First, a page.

The Testa d’Oro, or the Golden Head, hangs on the facade of a building, not far from the Ponte di Rialto, in memory of what was the most important spice shop in Venice. The shop was called “Alla Testa d’Oro”, and since most of the populace could not read, at the time, it was thought that a literal representation of the place’s name would help people recognize its location. The shop served the people of Venice for over 240 years, finally closing its doors in the 1940’s.
In Campo San Bartolomeo, you will find the Monumento Storico a Carlo Goldoni, or the Historic Monument to Carlo Goldoni. The monument dates from 1883, and is the work of the Venetian sculptor Antonio Dal Zòtto. Goldoni, the Italian writer of comedies, was born in Venice, and this is where he began his career as a playwright.
Before long, we arrived in Piazza San Marco, which was packed with people, as it usually is!
This is one of the most popular squares in Italy, if not in all of Europe, and it is lined with museums and other attractions. Entry into most of the places on the square require reservations, especially during peak tourist season, and tickets may be purchased online in advance. We did not do any of that, expecting it was all going to be too crowded, and thinking it would be best to wait until we return to the city, at a future date.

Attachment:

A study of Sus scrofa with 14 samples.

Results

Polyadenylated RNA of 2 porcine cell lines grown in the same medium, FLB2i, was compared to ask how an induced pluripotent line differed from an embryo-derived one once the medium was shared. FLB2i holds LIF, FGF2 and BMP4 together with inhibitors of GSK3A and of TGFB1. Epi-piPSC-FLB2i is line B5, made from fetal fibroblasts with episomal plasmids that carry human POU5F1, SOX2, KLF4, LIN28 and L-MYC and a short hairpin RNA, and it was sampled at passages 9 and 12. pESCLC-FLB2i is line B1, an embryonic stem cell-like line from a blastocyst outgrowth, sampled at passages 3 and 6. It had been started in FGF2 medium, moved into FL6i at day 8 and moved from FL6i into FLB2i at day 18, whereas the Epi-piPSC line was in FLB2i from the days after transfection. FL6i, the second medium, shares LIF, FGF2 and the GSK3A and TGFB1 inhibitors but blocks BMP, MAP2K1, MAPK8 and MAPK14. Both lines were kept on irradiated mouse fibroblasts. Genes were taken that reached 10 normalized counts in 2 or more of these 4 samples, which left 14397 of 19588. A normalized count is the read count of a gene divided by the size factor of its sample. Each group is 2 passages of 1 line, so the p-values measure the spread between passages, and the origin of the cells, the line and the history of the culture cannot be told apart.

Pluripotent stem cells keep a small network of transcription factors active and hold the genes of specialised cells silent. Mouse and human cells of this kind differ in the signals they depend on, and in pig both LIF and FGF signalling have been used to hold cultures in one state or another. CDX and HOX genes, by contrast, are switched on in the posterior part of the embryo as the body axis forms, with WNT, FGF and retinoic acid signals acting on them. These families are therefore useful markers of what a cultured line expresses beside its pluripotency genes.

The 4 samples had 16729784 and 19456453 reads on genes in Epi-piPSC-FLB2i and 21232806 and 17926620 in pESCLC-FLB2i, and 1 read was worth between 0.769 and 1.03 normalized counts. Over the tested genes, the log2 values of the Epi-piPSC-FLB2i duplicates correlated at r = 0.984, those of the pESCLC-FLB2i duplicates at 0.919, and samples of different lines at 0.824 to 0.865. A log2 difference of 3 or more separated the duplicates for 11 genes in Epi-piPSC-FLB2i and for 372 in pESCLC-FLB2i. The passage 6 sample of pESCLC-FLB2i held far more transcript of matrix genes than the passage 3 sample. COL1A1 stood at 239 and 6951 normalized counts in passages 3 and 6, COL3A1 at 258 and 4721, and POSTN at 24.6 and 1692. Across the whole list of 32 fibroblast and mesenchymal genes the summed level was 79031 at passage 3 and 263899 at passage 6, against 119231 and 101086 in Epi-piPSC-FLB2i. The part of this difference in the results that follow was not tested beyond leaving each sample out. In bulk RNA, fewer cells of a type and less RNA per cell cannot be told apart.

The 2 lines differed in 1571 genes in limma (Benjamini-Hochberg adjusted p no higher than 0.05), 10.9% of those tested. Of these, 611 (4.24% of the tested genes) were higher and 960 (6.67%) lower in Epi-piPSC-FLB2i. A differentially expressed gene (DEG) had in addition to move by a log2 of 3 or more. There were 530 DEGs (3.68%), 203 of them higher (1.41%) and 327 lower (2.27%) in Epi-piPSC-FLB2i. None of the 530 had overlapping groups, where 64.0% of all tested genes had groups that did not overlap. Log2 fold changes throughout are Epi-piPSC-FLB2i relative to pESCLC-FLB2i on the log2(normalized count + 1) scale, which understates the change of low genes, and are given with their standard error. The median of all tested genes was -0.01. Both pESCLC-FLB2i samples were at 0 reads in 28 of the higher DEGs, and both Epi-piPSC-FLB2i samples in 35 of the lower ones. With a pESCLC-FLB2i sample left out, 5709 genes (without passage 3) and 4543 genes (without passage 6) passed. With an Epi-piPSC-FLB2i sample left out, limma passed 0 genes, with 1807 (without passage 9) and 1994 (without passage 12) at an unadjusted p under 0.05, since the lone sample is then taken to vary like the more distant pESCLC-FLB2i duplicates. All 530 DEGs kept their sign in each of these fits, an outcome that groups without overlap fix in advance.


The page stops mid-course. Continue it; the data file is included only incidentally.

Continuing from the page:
The piazza is dominated by the Basilica di San Marco. It is one of the best examples of Italo-Byzantine architecture, and dates from the 11th century.
On the north side of the piazza, you will find the Torre dell’Orologio, or the Clock Tower, which dates from the 15th century.
The Campanile di San Marco stands 323 feet high, making it the tallest structure in Venice. The structure that we see today is a reconstruction of the original, which collapsed in 1902.
The Loggetta of the campanile was designed by Jacopo Sansovino, and dates from 1546.
Next to the basilica, you will find the Palazzo Ducale, or the Doge’s Palace. Again, to avoid having to stand in long lines, buying tickets online, ahead of your visit, is recommended. We also chose to save this, for our next visit to the city.
In the Piazzetta di San Marco, there stand two large granite columns, which honor the two patron saints of Venice. The one with the figure of a man at the top pays tribute to San Teodoro, who was the patron saint of the city before San Marco. The other one, with the winged lion on top, pays tribute to San Marco, the winged creature being his symbol. The columns were placed here in 1268. The space in-between the two columns is now usually crowded with people, but in the past, it was the site of public executions.
Next up: We continue exploring, as we spend Easter Sunday walking around this beautiful city!
Note: This blog is written in English and Spanish, and the author takes no responsibility for the quality of any other translations that may appear. If you have enjoyed this post, please, check out our archives for more posts from Venice, as well as other Italian destinations. Grazie!